Is eating fruit a perversion? If you're bored, it's a cheering thought. While picking figs the other day, I heard it articulated like this: "these trees must be so unhapppy--they spent all this energy putting on fruit, just to have us flush the seeds down our indoor plumbing." The assumption is that trees produce fruit for a purpose: to reproduce. This seems obvious, but it is also untrue.
Evolutionary thought, oddly, seems to undergird this assumption of fruit's purposiveness, in the same way that the tired image of basket weavers and hunters is mobilized to naturalize the most thoughtless gender prescriptions. I do have to assume that fruit evolved because trees that grew fruit begat more reproducing offspring than trees that did not. However, the accidents of evolution--canny as they might be--do not assign or come from any purpose whatsoever. (A tautology--but honestly, do you want to read an argument that evolution is accidental? Suffice to say evolution is a misleading term, because it's not a system.) Fruit just happened.
Besides, if trees are people, then who are we to say they insist on the reproductive use of their fruit? And even if they insist that their detachable flesh only be chewed for the furthering of the race, who is to say they don't enjoy wantonness for exactly the same reason?
I know, I'm reaching. But when I heard it said matter-of-factly that figs are "like balls" the train of thought was inevitable, wasn't it? No, actually--that's my point. I think you'll agree that just because I heard that statement and now I'm writing this post, this post was not its purpose. Yet I am enjoying this particular use. Because it is excessive, or just because?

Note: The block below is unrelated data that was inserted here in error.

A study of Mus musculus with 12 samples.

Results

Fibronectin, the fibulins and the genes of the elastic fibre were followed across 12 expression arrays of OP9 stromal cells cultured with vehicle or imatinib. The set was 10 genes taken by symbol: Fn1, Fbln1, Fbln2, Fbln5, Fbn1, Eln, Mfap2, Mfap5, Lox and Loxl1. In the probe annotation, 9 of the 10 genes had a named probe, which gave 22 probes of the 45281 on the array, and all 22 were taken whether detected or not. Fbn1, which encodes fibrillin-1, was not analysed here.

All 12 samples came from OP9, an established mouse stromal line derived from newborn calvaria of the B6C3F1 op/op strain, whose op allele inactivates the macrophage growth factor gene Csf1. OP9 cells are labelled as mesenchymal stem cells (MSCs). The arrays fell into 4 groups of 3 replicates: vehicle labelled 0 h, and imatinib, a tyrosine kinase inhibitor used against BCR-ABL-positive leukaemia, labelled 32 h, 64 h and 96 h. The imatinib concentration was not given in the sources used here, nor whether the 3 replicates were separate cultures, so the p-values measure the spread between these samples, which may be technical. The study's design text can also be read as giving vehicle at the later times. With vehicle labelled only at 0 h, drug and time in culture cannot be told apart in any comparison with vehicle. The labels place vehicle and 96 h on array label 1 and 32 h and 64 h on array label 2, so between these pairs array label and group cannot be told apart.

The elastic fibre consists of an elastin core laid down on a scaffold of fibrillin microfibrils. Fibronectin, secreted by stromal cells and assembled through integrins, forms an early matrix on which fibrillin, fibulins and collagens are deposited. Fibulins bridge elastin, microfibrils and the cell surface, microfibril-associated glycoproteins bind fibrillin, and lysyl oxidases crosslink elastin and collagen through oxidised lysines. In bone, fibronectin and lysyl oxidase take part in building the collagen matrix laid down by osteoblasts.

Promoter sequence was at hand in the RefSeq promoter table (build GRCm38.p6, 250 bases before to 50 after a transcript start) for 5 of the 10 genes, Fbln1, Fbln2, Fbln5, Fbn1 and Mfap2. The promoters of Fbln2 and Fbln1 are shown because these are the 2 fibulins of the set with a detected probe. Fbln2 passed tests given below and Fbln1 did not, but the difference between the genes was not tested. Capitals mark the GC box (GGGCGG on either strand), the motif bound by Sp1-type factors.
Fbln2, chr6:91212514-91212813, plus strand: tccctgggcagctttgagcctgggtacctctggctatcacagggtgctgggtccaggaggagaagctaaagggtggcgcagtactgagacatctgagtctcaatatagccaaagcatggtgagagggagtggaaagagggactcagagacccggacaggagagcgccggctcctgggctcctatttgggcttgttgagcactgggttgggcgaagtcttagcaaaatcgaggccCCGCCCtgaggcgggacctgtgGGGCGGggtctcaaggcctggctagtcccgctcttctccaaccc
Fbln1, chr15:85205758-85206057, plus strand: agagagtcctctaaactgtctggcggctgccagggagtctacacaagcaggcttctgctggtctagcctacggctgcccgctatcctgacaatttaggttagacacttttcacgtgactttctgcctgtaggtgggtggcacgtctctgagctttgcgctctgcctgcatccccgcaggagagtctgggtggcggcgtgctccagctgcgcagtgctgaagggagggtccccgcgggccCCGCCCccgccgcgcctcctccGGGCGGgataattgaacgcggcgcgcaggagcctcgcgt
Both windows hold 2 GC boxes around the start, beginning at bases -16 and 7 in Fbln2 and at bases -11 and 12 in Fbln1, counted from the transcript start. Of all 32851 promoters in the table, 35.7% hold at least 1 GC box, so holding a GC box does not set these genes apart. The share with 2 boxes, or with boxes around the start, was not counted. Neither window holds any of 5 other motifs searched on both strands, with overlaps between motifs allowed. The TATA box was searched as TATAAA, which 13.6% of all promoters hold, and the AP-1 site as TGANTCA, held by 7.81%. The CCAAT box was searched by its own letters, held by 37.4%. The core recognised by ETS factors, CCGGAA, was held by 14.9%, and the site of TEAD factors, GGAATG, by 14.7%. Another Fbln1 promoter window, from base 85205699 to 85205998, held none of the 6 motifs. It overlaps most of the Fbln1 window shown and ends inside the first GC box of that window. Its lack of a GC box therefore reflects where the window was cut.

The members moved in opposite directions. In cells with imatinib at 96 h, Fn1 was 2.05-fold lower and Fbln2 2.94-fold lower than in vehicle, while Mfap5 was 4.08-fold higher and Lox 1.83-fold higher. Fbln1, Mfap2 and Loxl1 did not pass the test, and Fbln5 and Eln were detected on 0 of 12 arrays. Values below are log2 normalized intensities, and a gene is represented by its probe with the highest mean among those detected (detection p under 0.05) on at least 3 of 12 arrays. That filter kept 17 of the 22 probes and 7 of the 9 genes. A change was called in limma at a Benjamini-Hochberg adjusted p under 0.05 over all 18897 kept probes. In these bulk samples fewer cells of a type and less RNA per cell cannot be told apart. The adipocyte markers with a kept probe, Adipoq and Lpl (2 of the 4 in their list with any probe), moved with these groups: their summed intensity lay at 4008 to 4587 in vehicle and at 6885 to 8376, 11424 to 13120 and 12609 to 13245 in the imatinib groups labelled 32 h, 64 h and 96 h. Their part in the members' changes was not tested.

On the same outing, as we exerted ourselves jumping to and climbing on branches, I posited the dreariest view of food imaginable by saying that we certainly were not doing this for the calories. Of course not. If you have the chance not to, why do something out of necessity?
So no, eating fruit is not a perversion, flush toilet or no, because there isn't one thing fruit are made for in the first place.
It's not as if anyone is all in a tizzy over orchards (all those "virgin" trees). Then again, isn't this exactly what pastoral beauty is all about--the sublime channeled into production?
The fruit does fall, and I must admit I looked away from the figs smashed into the ground, and I hesitated yet was excited by the squishy give of the overripe. The fallen (that word cannot be an accident) figs stuck unpleasantly to our shoes. Importantly, figs will not sprout in this climate. Whether I think so or not, it appears I'm uncomfortable with flesh not trained to produce or reproduce.